GlaxoSmithKline's Duchenne MD drug mirrors placebo effect in PhIII

Over the weekend GlaxoSmithKline ($GSK) detailed the decisive failure of its ambitious Phase III study for drisapersen, a new drug designed to treat Duchenne muscular dystrophy. John Kraus, GSK's medical leader for drisapersen, unveiled more data from the failed study on the exon-skipping technology, which fell short not only on its primary endpoint for improved walking distances in a 6-minute test but also flunked out on three separate secondary endpoints, with the outcomes looking almost identical in each case with a placebo.

After 48 weeks of therapy, says Kraus, the drisapersen group suffered a decline in walking distance, just as the placebo arm did. The decline was 10.3 meters in the drug arm's favor, falling short of a significant improvement and well off the more than 30-meter improvement seen in Phase II. Using the North Star Ambulatory Assessment test, the placebo arm scored 6.7 compared to a close 7.2 score for drisapersen. A velocity test gauging the time to climb four stairs was also virtually identical--a 0.12 decline in the placebo arm and a 0.14 decline in the drug group. There was a near mirror-image decline in the rate of patients' 10-meter walk/run velocity gauge.

Kraus says the trial was well run and the quality outcomes they measured were good, providing a clear read out on the drug for the group they studied. Now investigators are going back over the data to see if a subset of patients benefited. And they are also running analyses on dystrophin expression to see how the therapy--in-licensed from the Dutch biotech Prosensa--influenced a key biomarker for the disease.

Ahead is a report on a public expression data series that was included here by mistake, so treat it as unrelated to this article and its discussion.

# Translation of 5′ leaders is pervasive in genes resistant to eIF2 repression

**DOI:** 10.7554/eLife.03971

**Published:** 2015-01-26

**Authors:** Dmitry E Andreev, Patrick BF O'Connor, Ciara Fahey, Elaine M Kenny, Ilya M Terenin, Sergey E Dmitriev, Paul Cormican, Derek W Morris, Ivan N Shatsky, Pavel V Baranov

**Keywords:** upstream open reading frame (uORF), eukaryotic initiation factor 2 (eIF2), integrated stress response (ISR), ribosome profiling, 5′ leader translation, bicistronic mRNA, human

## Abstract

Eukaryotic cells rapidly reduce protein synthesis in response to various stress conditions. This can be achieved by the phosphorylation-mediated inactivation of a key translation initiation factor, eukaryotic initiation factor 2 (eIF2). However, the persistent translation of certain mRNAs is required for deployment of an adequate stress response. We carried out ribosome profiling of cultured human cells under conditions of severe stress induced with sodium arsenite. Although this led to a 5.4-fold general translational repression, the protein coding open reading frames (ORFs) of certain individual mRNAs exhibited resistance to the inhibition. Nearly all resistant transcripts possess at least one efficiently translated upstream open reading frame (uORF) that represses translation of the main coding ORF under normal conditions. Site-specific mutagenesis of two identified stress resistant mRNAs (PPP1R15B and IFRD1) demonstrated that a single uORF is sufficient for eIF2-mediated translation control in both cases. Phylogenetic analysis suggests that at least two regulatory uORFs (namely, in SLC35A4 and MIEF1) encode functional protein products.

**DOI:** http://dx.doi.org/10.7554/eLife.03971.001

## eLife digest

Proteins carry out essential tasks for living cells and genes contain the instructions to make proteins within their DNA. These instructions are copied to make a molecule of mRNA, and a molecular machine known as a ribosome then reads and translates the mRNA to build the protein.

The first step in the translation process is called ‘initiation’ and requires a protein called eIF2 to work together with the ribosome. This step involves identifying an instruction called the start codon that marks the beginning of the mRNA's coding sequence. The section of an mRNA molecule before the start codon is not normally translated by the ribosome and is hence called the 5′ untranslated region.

"We need to understand if there may be a subpopulation that could have derived a benefit from drisapersen," Kraus tells FierceBiotech. "We are currently running analyses to help us understand."

Subpopulation analysis is common in drug development, but it's far from ideal. A positive sign in a particular group might open the door to a new study geared for a narrow segment of the patient population, which has no meaningful therapy to rely on. But it's no guarantee of even limited success.

Investors have been paying particularly close attention to the drisapersen data to see how it might reflect on eteplirsen, a DMD drug in development at Sarepta ($SRPT). Sarepta shares have soared on the positive outcome seen in a very small study of the drug, and the biotech believes it has a shot at an accelerated approval based on that study. Right now, eteplirsen is the leading therapy in the DMD field, and there's nothing in GlaxoSmithKline's latest data that changes any of that.